Given the slow-moving free agency we've seen in recent seasons and the impending CBA standoff at the end of this month, the expectation from many is that we'd see a pretty significant lull in player movement here in the next few weeks.
In a twist, maybe that will turn out to be an incorrect assumption? Let's make that our jumping off point for the latest roundup of MLB offseason news and rumors.
An unexpected free-agent signing surge?
In a long column on ESPN.com, Jeff Passan outlines where baseball is headed with the Dec. 1 expiration of the Collective Bargaining Agreement and contained therein is a very intriguing section.
Teams essentially suggested players have a choice: Sign before the lockout or wait until February, when most everyone expects the labor discord to end, and have fun navigating the frenzy of signings and trades that will ensue. Agents for some of the highest-profile free agents this winter, in the meantime, inverted the posture: If you want a player, step up financially, because the February stampede is going to be so different, so unfamiliar, that it's worth paying more for certainty now than having to overpay or be left empty-handed on the eve of the season.
Passan specifically mentions Corey Seager and Marcus Semien as "increasingly likely" to sign before Dec. 1. Might there be a domino effect with the other high-profile shortstops -- Carlos Correa, Javier Báez and Trevor Story -- also deciding to follow suit? It could really create a cascade of signings before the CBA expires.
That would be pretty fun and it's certainly something worth watching in the next few weeks, when we're usually just gathering rumors and waiting on the winter meetings in hopes of something significant happening.
Tigers in on shortstop(s)
The Tigers "are taking a comprehensive approach" in looking at the shortstop market, reports Jon Morosi of MLB Network. He specifically mentions the five names we just mentioned above. Morosi follows up that the Tigers' "willingness to sign a player in the $250 million range is uncertain," but surely only Correa and maybe Seager can top that figure. Even if the Tigers aren't willing to go to that number with a shortstop, it still leaves at least Story, Semien (he's 31 years old) and Báez on the table.
If they did want to go huge, there's a connection between Correa and former-Astros/current-Tigers manager A.J. Hinch.
The Tigers surprised by winning 77 games last season as they look to fully recover from their rebuild. We've already heard they are in on rotation help and adding one of these shortstops would also be a big boost.
Cardinals moving Reyes and/or Hicks into rotation?
The Cardinals believe they are set with four members of next season's rotation right now in Adam Wainwright, Jack Flaherty, Miles Mikolas and Dakota Hudson. In a column in the St. Louis Post-Dispatch, Derrick Goold outlines the Cardinals' ideas to beef up the rotation for next season, which could possibly include signing a free agent. Also thrown in the mix? The possibility of former closers Jordan Hicks and/or Alex Reyes joining the rotation.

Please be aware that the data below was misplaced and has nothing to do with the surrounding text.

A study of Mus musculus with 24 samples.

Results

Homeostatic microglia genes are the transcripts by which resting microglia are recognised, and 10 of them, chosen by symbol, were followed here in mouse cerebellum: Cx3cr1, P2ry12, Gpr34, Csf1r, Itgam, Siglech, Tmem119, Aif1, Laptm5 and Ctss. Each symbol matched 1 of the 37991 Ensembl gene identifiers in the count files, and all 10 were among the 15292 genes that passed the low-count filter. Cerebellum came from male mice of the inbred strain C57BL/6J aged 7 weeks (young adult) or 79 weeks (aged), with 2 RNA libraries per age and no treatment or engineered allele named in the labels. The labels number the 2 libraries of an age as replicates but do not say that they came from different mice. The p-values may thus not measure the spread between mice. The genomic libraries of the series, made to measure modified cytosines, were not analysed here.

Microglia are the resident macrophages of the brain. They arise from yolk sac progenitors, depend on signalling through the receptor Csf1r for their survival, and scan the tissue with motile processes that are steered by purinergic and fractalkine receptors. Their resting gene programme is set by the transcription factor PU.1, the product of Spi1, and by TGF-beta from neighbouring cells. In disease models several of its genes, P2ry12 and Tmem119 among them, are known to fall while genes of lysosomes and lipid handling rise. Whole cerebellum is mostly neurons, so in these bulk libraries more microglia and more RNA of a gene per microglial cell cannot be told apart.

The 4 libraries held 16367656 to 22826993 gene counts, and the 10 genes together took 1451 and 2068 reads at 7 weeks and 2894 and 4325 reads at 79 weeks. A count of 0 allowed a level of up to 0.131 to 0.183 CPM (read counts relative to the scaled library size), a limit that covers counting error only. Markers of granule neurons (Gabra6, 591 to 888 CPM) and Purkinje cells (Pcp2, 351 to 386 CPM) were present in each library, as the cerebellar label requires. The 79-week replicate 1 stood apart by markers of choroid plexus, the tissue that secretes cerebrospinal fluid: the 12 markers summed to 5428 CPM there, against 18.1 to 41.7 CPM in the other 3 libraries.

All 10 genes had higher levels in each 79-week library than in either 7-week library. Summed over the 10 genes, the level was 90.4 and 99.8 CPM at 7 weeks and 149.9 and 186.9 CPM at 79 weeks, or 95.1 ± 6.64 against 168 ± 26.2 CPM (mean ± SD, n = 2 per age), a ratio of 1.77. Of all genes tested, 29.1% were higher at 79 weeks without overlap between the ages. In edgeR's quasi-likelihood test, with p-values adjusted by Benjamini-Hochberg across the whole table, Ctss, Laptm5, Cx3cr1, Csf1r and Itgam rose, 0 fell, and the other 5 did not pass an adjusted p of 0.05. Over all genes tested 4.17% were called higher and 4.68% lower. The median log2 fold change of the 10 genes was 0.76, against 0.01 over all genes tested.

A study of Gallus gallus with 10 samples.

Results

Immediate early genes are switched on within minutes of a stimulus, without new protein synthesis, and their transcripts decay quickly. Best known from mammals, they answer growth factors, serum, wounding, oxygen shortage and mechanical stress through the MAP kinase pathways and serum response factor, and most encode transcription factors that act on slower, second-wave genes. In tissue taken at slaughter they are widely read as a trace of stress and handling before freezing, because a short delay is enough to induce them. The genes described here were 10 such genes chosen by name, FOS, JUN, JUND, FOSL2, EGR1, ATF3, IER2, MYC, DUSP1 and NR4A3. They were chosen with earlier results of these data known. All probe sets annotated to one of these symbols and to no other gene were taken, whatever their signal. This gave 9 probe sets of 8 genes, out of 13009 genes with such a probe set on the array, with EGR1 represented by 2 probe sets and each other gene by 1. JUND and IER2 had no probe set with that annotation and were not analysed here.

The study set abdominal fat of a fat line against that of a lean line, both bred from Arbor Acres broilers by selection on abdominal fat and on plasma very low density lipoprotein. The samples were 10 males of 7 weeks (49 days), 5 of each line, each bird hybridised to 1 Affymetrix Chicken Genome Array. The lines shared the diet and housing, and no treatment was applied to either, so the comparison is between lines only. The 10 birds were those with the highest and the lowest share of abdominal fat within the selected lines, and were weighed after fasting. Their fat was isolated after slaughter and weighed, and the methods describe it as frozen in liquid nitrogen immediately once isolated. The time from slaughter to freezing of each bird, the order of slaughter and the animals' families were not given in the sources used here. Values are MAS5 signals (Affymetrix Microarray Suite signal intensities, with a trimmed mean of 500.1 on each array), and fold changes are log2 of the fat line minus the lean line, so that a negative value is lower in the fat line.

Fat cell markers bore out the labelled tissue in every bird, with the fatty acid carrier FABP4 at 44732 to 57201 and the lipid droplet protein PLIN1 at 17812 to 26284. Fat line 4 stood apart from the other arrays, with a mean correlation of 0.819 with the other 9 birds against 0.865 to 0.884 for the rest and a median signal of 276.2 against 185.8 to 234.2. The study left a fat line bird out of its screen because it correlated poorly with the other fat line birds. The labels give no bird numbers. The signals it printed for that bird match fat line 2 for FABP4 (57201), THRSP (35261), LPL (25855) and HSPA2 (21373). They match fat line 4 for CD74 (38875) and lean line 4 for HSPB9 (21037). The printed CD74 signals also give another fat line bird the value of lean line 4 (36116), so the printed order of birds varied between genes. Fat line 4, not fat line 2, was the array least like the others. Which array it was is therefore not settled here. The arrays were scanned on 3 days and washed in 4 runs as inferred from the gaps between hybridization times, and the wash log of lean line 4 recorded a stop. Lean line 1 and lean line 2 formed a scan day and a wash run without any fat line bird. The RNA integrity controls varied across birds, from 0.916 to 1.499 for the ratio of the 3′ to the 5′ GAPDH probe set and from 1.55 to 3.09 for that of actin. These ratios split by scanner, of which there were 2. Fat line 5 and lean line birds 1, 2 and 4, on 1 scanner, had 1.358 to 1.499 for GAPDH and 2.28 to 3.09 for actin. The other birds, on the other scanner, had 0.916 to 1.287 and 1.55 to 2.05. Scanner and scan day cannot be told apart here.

Hicks, 25, opted out of the 2020 season and made only 10 appearances last season due to an elbow injury. When he's right, though, he's one of the hardest throwers in baseball. His four seam fastball has averaged over 101 miles per hour in all three of his MLB seasons. He's been sinker and slider heavy in his career, too, so he has the arsenal to become a starter.
Reyes, 27, was developed as a starter and was once a top-five prospect in baseball. Myriad injuries forced him to the bullpen where he was an All-Star closer last season, but he faltered and lost his job down the stretch. He certainly has the stuff to be a regular starter and he throws five pitches.
Marlins seek a catcher via trade
The Marlins are looking for a catcher and Jon Heyman of MLB Network points out Alejandro Kirk of the Blue Jays could work. It sounded purely speculative, but the main point here is the Marlins want catchers and the free agent market for the position is dreadful. Instead, the Marlins will likely look to their pitching depth to deal for a catcher. If they shoot for a bigger name, perhaps Gary Sánchez or Willson Contreras (though the Cubs might keep him and extend him, so the package would have to be huge) would work?
Brett Cecil retires
Via a message on his private Instagram account (tweeted by Alyssa Cohen), left-handed reliever Brett Cecil has announced his retirement. He was under contract with the Cardinals through 2020, but a slew of injuries (shoulder strain, foot strain, carpal tunnel syndrome, hamstring strain) kept him off the field after Sept. 25, 2018.
In parts of 10 seasons, Cecil appeared in 443 MLB games, pitching to a 4.29 ERA (98 ERA+) and 1.36 WHIP with 670 strikeouts in 756 innings. He collected 44 wins and 12 saves. He made the All-Star team in 2013 as a member of the Blue Jays and threw six scoreless innings in eight career playoff appearances.